My teaching career began in 2004 in the Photomedia department at the Australian National University in Canberra. While undertaking my PhD, I was offered an Artist in Residence at the National Art School in Sydney in 2007, where I also taught in the Photography department. In the same year, I took on sessional teaching work at Sydney College of the Arts at the University of Sydney. I was employed as a lecturer at the University of Newcastle in 2011 where I worked until I moved to the Netherlands in 2014.
Courses & tasks
Introduce students to the potential of analogue photography: camera skills, black and white film processing, selecting and editing, printing using standard and specialist fibre-base papers, and colour print production.
Demonstrate experimental processes such as cyanotypes, cross-processing, van Dykes, and pinhole photography.
Devise and develop courses reflecting current trends, themes and issues surrounding contemporary photography practice grounded in art theory.
Introduce students to studio photography covering lighting, advanced camera skills and project development.
Develop skills including camera usage, colour management, file processing and digital printing. Portfolio production and website creation.
Mentor undergraduate students through regular one-to-one contact. Supervise honours, masters and PhD students.
Undertake day-to-day administration including course development and assessments.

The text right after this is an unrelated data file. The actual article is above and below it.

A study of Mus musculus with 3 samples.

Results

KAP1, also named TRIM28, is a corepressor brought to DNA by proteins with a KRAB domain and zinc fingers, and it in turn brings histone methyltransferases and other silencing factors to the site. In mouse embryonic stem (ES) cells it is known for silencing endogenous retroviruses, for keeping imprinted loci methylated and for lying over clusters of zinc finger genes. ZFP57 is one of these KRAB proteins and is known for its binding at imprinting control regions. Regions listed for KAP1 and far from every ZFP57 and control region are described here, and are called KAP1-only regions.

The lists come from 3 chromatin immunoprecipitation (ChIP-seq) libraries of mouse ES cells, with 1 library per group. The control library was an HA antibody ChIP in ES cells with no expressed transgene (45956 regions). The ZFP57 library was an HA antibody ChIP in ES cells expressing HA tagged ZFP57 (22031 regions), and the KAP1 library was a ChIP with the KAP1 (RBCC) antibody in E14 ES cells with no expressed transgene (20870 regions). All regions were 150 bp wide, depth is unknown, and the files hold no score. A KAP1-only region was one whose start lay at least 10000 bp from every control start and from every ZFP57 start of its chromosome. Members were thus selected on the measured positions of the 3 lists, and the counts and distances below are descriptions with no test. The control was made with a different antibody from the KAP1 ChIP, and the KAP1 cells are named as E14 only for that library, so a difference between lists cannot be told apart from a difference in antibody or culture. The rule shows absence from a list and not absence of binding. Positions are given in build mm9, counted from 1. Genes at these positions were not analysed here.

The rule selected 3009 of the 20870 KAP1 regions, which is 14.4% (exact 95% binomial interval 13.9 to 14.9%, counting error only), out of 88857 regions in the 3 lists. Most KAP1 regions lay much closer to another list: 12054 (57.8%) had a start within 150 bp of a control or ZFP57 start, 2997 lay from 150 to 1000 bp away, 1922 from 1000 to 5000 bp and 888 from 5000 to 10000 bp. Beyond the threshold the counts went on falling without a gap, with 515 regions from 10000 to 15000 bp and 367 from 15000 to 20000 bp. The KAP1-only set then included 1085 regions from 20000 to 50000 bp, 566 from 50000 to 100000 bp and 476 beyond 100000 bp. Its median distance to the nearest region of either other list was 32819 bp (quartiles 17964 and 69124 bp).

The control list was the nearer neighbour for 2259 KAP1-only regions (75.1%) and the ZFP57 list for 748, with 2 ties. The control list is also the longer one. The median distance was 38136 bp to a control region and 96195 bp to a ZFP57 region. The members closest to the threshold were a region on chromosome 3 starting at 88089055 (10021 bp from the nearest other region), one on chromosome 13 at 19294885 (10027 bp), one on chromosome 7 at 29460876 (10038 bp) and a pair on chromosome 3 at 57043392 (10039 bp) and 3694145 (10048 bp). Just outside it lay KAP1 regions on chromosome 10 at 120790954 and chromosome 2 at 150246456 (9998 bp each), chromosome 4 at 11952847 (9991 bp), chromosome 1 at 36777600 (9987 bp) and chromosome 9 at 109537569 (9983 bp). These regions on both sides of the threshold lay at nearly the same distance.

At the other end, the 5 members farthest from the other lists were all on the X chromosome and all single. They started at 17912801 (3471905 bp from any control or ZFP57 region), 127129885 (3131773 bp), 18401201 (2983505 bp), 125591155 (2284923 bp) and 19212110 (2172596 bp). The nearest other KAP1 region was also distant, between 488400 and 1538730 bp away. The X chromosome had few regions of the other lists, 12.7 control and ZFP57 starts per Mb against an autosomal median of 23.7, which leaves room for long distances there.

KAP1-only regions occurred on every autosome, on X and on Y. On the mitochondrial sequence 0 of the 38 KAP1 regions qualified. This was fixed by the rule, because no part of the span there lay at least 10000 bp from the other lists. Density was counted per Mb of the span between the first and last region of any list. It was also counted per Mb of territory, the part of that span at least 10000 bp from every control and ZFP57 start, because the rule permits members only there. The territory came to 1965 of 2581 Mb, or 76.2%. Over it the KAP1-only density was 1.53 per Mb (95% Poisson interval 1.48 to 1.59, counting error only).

Creative Clusters, Teaching and Learning, and
Bachelor of Fine Arts Undergraduate Program Redevelopment committees at the University of Newcastle.
Bachelor of Visual Arts Redevelopment and Core Computing Skills, Australian National University.
Wearables as Media
In collaboration with Hong Kong Baptist University, I worked on this international project with lecturers and students. Together we conducted workshops, developed a course to produce work and be inspired by each other, staged exhibitions in Newcastle and Hong Kong, and produced a catalogue. Image: Deborah Hally.
Click-culture: a blog promoting photography and student work at the University of Newcastle
As a way to bring together the photomedia cohort, I initiated Click-culture. My aim was to inspire students and showcase their work. Short posts about photographers and their work related directly to current projects undertaken within the department. Students responded favourably to Click-culture and made it a success as both a teaching tool, and as a way to keep up-to-date with what other students in other photomedia courses were doing. Image: Work in progress images by various students.